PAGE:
NSA spying's roots go back to Progressives
The National Security Agency's various intelligence programs (otherwise known as "spying") have generated a lot of commentary recently. But an agency like NSA doesn't just pop-up of its own accord. It's created by politicians who have a certain political philosophy and world view. And as Mark Fitzgibbons writes, the roots of the NSA's spying reach back to the Progressives:
The NSA's actions have roots in progressive New Deal ideology, with its contempt for the constitutional separation of powers and private property rights. More specifically, this debate is traced to the New Deal-era erosion of the centuries-old rule of law that only judges may issue warrants, and after a showing of probable cause.
Even some Liberals found this troubling:
A 1946 opinion in Oklahoma Press Publishing Co. v. Walling cited in this chain of case law upheld judge-less "administrative subpoenas" issued by bureaucrats. One justice dissented. Citing the Declaration of Independence clause about "sen[ding] hither swarms of officers to harass our people," and even hinting that judge-less administrative subpoenas approved in that case were the stuff that had previously contributed to "successful revolt," liberal Democrat Justice Frank Murphy's dissent warned his Democrat-appointed brethren about the consequences of their dangerous direction.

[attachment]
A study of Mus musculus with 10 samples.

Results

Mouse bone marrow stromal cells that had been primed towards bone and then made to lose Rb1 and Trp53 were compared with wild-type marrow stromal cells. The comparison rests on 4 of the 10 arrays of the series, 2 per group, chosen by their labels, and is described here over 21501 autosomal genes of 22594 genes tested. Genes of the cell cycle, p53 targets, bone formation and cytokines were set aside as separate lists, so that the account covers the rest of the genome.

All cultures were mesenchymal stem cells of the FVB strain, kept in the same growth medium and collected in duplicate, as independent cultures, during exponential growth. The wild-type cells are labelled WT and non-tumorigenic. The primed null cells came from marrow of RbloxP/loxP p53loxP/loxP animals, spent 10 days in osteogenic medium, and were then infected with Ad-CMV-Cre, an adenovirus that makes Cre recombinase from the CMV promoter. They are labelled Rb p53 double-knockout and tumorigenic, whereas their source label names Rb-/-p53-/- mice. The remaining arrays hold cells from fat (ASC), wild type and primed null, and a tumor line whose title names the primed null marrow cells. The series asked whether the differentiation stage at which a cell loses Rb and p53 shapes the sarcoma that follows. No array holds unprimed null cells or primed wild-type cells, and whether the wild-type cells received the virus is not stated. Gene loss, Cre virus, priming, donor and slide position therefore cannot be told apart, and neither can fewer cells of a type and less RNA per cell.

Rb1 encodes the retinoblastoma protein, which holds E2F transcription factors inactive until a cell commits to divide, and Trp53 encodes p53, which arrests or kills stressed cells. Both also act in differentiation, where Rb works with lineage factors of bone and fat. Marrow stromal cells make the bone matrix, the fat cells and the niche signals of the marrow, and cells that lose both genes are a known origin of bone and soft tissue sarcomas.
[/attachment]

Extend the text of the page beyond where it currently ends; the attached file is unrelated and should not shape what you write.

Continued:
Murphy was prescient in claiming that judge-less subpoenas and the growth of the administrative state would be a bad mix. He wrote that they could even lead to the undoing of administrative processes. Murphy, an FDR appointee, was also an adamant dissenter in the Korematsu case allowing Japanese civilian detention.
We are still following that "dangerous direction" today. While the NSA's spying powers have been slightly curbed recently, the federal government's encroachment on the Fourth Amendment to the constitution">constitution">Constitution continues.
The Progressives started it. We are the people who have to stop it.